Among the earmarked projects in the bill are $764,000 for the Lake George Watershed Protection Initiative in New York, requested by Sen. Kirsten Gillibrand, New York Democrat; $9.9 million for South Carolina’s historically black colleges and universities, requested by House Majority Whip James E. Clyburn, South Carolina Democrat; and $1.1 million requested by Senate Republican Conference Chairman Lamar Alexander and Sen. Bob Corker, both of Tennessee, for water treatment plant improvements in Tennessee’s Unicoi County, as well as $300,000 for a sewer extension project in another county.
The spending bill also included a small number of policy “riders,” including one limiting the right of Mexican truckers to haul freight on U.S. routes and another blocking any Agriculture Department rule to ease Chinese poultry exports to the United States.
Republicans attacked the earmarks and the higher spending levels, noting the bill comes just over a week after Congress approved Mr. Obama’s $787 billion stimulus package of spending increases and tax cuts to bolster the ailing economy. They also complained that the huge appropriations bill will be rushed through Congress, with the House set to debate and vote on the bill as early as Thursday.
“On the heels of a trillion-dollar stimulus bill, this huge increase will have a devastating impact on our federal debt and sets a dangerous precedent for future federal budgets,” said a statement released by Republicans on the House Appropriations Committee. “To make matters worse, this massive spending bill was crafted under covers and out of view of the American public.”
House Republican leaders said that instead of increasing spending, Congress should freeze spending at 2008 levels.
“At a time of record deficits, a freeze would allow the federal government to keep functioning at current spending levels without requiring beleaguered taxpayers to pay for new spending increases,” says the letter sent to Mrs. Pelosi and Majority Leader Steny H. Hoyer of Maryland.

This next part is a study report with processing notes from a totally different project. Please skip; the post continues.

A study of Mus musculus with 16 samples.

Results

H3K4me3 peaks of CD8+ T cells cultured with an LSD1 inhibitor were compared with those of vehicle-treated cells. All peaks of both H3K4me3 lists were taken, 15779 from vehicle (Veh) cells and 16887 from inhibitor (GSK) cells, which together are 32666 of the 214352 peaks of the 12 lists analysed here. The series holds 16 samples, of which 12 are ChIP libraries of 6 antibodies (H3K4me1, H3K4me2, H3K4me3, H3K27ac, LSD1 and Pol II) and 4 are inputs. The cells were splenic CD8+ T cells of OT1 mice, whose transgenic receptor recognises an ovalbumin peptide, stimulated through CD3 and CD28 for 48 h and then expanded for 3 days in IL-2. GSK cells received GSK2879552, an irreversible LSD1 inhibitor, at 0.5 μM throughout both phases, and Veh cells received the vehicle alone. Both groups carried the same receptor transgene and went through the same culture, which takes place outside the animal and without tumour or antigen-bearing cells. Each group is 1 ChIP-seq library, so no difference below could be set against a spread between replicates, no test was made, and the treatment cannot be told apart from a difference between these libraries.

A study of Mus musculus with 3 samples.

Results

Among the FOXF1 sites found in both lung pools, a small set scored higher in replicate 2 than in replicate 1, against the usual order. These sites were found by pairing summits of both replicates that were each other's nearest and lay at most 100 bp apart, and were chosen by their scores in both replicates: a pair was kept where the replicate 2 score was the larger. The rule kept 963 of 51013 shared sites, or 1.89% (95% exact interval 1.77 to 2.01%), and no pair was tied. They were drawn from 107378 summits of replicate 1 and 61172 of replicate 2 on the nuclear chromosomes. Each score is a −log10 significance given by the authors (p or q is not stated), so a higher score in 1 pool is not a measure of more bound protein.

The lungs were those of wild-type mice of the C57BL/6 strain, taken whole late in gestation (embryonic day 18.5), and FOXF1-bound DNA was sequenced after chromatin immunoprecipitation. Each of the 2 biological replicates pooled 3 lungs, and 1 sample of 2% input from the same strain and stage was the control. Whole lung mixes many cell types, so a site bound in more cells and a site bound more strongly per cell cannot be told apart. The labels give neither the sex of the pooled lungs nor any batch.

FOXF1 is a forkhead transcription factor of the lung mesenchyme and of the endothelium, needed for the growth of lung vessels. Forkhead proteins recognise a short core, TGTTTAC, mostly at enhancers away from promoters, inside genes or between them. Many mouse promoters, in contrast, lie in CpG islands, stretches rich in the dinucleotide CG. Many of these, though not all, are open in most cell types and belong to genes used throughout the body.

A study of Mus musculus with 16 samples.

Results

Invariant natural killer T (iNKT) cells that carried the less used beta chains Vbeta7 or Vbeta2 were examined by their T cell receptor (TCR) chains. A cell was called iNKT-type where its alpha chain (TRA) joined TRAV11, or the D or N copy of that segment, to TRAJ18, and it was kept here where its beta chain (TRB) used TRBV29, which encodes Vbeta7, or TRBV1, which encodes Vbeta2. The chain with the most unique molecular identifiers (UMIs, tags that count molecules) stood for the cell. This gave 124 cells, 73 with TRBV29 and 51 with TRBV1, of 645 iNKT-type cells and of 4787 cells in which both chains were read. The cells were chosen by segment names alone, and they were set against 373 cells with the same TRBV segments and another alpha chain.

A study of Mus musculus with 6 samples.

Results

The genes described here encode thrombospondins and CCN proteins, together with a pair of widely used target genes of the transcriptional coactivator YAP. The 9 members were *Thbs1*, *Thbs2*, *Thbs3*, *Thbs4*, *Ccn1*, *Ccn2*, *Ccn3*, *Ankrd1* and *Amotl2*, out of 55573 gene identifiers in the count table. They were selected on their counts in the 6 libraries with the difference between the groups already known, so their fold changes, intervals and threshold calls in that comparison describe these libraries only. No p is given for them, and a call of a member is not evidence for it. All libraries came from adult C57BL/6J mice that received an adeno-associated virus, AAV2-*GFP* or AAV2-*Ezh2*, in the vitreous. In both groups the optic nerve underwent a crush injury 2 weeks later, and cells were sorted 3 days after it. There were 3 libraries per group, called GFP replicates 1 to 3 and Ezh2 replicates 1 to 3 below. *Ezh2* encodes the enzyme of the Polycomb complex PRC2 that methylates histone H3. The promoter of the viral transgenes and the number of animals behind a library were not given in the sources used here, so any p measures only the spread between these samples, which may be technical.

The president and his aides acknowledged that the $787 billion economic stimulus plan is adding to the nation’s debt, but said his budget will take that into account.
“We cannot and will not sustain deficits like these without end. Contrary to the prevailing wisdom in Washington these past few years, we cannot simply spend as we please and defer the consequences to the next budget, the next administration or the next generation,” Mr. Obama said.
Among the cuts he outlined: ending payments to agribusiness, eliminating no-bid contracts in Iraq, stopping Medicare fraud, and ending tax breaks for companies that ship jobs overseas - a regular campaign promise that Mr. Obama hasn’t mentioned recently.
The president and his aides suggested that the best way to get to fiscal stability is to pass health care reform, saying that it may cost money in the short term but will have the strongest long-term financial benefit.
Mr. Obama said Monday he was appointing Vice President Joseph R. Biden Jr. and a former inspector general to oversee economic stimulus spending, also warning a gathering of the nation’s governors that it “sounds like politics” when they argue over small portions of his stimulus plan.
Mr. Obama said Mr. Biden’s job, working with governors and mayors to “keep things on track” as they spend the money, proves “how important it is for our country” and “a willingness to get this right.”
The president named Earl Devaney, a former Secret Service agent, as chairman of the newly formed Recovery Act Transparency and Accountability Recovery Board. Mr. Devaney was inspector general at the Department of the Interior and was key to uncovering the political-influence scandal tied to disgraced lobbyist Jack Abramoff.
“This is not a blank check,” Mr. Obama said. “The American people are watching, they need this plan to work, and they expect to see their money spent with its intended purpose.”
Mr. Obama also offered remarks pointed at Republican critics of his plan who appeared on cable news shows over the weekend to blast it as wasteful.